Part III: The Book Cliff Trail
On Thursday night, April 22, 1897, the day after pulling off the most daring daylight robbery in Utah history, Butch Cassidy and his companions were resting easy on Robbers Roost. They had $7,000 in gold to spend but the only way to spend it on Robbers Roost was to gamble with each other. They needed to stay away from nearby towns until the posses gave up and went home.
A writer for the Sun Advocate newspaper wrote, "It is admitted that they are now as safe as though they had been swallowed up by the earth."
No one knew how many outlaws called Robbers Roost their home, but stories about their number grew every time they were told. If the truth had been known, the lawmen in that one posse probably outnumbered the outlaws on Robbers Roost two to one.
No one liked Robbers Roost. Water holes were few and far between. They were nearly impossible for anyone to find without guidance from someone who had already been shown where to look. The summer heat was deadly and the winters were extremely harsh. Getting onto the Roost from the north involved crossing 40 miles of open desert. Although anyone's disappearance was attributed to outlaws, it is more likely they died from exposure to the environment.
One writer claimed shady ladies from Green River heard about all the money taken to the Roost. They loaded a buckboard wagon and headed south. There was no doubt they could get some of that gold away from lonely outlaws hiding out in a place where there was nothing to do.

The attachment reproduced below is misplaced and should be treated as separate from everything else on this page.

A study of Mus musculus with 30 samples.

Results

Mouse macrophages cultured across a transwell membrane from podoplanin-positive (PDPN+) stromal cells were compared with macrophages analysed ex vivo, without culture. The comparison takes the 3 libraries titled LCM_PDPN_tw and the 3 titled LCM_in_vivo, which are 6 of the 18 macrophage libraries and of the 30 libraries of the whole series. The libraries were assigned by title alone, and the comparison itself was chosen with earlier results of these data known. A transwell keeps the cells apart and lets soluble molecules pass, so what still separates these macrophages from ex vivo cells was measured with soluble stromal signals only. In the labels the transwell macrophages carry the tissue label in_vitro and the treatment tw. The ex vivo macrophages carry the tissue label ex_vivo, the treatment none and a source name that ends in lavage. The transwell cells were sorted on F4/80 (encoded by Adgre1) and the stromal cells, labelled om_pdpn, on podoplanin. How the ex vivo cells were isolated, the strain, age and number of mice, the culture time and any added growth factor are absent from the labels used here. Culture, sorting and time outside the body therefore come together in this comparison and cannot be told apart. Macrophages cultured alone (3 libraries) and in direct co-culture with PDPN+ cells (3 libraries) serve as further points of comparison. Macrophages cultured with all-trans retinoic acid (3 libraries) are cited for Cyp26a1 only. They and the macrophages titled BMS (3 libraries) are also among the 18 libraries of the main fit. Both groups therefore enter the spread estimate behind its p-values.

Our reference for the following information is The Outlaw Trail written by Charles Kelly in 1938. For sake of argument, we will assume the story he tells about the long ride to Brown's Hole from Robbers Roost came from sources still living after the events took place. With that assumption, the tale goes something like this:
By mid July, the outlaws had used up their patience. It was time to party. If they could make it to the Wyoming/Colorado border they would be safe among the Powder Springs Gang lead by old man Bender. Cassidy's Wild Bunch saddled up and headed north. They used the crossing at Green River and probably even rode through town in defiance of the lawmen there. After the crossing, they climbed into the Book Cliffs and used its rough terrain for cover as they rode to Thompson Canyon. They used an Indian trail to reach the top of the Book Cliffs. Once on top, they cut across lands now within the Uintah and Ouray Indian Reservation. They passed through the town of Ouray, then through Vernal, and finally used the Grouse Canyon access into Brown's Hole. No doubt they stopped at Jarvie's Outpost at the edge of Brown's Hole to get the latest news. That trip took five days on horseback. One day later they were in Powder Springs.
For this part of our series, Lone Writer began in the quiet community of Green River. It had been established at a point where the Green River could most easily be crossed for hundreds of miles in either direction. When the Wild Bunch passed through, it had already boomed once with the arrival of the railroad and had declined when the railroad moved its operations to another city. Even with that decline, it thrived as a river-crossing town.
There were other boom years based on uranium mining and oil, but one boom few people are aware of came in the 1960s. Green River became the base for the White Sands Missile Range annex. More than 100 missiles were fired from this range during the development of long-range nuclear weapons. The old bunkers are especially attractive, but watch for rattlesnakes hiding in the shadows.